Unions welcome progress of Screen Industry Workers Bill

'It will bring a new level of professionalism to the industry'

Unions welcome progress of Screen Industry Workers Bill

New Zealand unions on Thursday welcomed the progress made on the Screen Industry Workers Bill after debate on the proposed legislation was delayed due to COVID-19.

The bill introduces a "workplace relations framework" for screen industry workers in a bid to clarify the employment status of people doing screen production work, as well as introduce "mandatory terms for contracting relationships in the industry."

The proposal also wants to "allow collective bargaining at the occupation and enterprise levels and create processes for resolving disputes arising from contracting relations or collective bargaining."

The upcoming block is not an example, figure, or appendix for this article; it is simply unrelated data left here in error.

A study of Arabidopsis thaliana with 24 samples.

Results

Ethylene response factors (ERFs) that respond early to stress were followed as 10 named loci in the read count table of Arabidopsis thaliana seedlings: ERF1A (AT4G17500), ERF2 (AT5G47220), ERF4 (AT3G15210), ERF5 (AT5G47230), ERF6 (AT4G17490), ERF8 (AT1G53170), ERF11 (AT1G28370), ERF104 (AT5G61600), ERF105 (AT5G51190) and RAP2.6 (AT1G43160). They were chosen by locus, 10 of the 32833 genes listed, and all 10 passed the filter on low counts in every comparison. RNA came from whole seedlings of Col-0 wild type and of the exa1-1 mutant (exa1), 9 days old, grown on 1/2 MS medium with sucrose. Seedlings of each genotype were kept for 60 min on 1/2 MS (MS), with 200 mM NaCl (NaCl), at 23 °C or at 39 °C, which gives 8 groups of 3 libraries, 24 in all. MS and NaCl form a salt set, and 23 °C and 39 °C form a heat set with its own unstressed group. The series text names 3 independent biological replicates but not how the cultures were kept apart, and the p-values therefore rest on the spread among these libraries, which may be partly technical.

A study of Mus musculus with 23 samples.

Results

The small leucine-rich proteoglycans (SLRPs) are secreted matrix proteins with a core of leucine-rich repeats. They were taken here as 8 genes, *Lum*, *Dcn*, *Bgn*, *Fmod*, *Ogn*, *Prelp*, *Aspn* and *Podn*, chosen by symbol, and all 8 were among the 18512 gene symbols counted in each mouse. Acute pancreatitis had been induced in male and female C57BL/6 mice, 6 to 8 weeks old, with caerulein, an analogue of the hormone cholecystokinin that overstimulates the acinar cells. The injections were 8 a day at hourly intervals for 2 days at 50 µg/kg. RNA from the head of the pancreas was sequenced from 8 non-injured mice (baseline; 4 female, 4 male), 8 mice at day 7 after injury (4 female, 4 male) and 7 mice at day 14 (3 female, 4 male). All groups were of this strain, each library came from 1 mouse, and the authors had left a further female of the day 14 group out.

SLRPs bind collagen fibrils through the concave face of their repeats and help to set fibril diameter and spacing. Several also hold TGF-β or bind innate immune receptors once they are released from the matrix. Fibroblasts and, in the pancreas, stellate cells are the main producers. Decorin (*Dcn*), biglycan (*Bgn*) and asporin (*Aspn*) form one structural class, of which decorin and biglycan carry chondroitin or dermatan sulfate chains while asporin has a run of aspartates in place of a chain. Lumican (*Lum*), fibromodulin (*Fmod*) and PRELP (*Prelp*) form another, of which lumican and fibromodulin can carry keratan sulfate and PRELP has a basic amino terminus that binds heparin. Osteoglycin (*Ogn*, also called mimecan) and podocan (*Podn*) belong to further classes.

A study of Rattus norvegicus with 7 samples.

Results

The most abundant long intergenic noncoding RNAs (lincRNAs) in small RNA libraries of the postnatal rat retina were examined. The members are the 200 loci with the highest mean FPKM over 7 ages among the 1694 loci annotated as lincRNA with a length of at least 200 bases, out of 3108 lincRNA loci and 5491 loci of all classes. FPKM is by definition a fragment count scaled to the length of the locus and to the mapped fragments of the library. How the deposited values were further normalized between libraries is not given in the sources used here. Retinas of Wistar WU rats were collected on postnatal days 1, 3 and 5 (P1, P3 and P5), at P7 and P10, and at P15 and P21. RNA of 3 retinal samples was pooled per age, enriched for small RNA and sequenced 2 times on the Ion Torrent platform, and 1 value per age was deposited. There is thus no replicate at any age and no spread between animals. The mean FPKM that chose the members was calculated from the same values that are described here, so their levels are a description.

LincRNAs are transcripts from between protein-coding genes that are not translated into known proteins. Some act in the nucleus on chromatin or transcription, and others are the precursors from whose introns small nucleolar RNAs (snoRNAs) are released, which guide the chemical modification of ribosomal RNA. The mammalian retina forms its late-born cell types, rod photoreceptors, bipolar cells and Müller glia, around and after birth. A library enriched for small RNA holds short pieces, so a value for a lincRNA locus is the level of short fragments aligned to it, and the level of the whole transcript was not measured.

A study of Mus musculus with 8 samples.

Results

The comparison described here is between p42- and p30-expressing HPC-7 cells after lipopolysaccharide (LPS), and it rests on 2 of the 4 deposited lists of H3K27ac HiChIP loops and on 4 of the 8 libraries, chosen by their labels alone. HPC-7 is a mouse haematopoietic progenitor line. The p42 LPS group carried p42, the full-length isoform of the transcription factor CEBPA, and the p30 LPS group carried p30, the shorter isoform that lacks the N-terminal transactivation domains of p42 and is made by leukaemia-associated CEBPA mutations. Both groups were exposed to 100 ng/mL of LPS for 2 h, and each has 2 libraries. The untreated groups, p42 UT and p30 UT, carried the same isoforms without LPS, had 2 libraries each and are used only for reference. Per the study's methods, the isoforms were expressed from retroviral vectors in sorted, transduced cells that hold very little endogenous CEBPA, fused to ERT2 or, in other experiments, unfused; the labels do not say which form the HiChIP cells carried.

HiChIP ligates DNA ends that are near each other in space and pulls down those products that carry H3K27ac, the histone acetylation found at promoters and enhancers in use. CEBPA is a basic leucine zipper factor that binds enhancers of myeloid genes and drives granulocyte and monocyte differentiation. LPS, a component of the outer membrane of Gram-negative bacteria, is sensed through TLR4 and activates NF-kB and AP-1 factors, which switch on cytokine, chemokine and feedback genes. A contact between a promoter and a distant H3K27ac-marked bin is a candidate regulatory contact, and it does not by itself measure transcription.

On Thursday, the bill entered the second reading at Parliament, where the House votes on the bill, over two years since it was introduced in 2020.

Several unions, including the New Zealand Council of Trade Unions (NZCTU), the New Zealand Writers Guild, the Directors and Editors Guild of Aotearoa New Zealand, and Equity New Zealand, welcomed in a statement the progress of the bill.

"The screen industry brings so much to the New Zealand economy and to our sense of identity as a nation. It's vitally important that workers in the industry are treated fairly so it's great to see this Bill pick up momentum again," said New Zealand Writers Guild executive director Alice Shearman.


"All New Zealanders deserve to have their voices heard in their workplaces. Collective bargaining gives working people that right," said the official.

Tui Ruwhiu, executive director of the Directors and Editors Guild of Aotearoa New Zealand, said that they are "thrilled" with the bill's arrival, adding that it could potentially transform the industry.

"The Bill has been a long time coming, and we are thrilled about its imminent arrival. It will bring a new level of professionalism to the industry that is long overdue and will put us on a par with screen sectors in many other developed nations."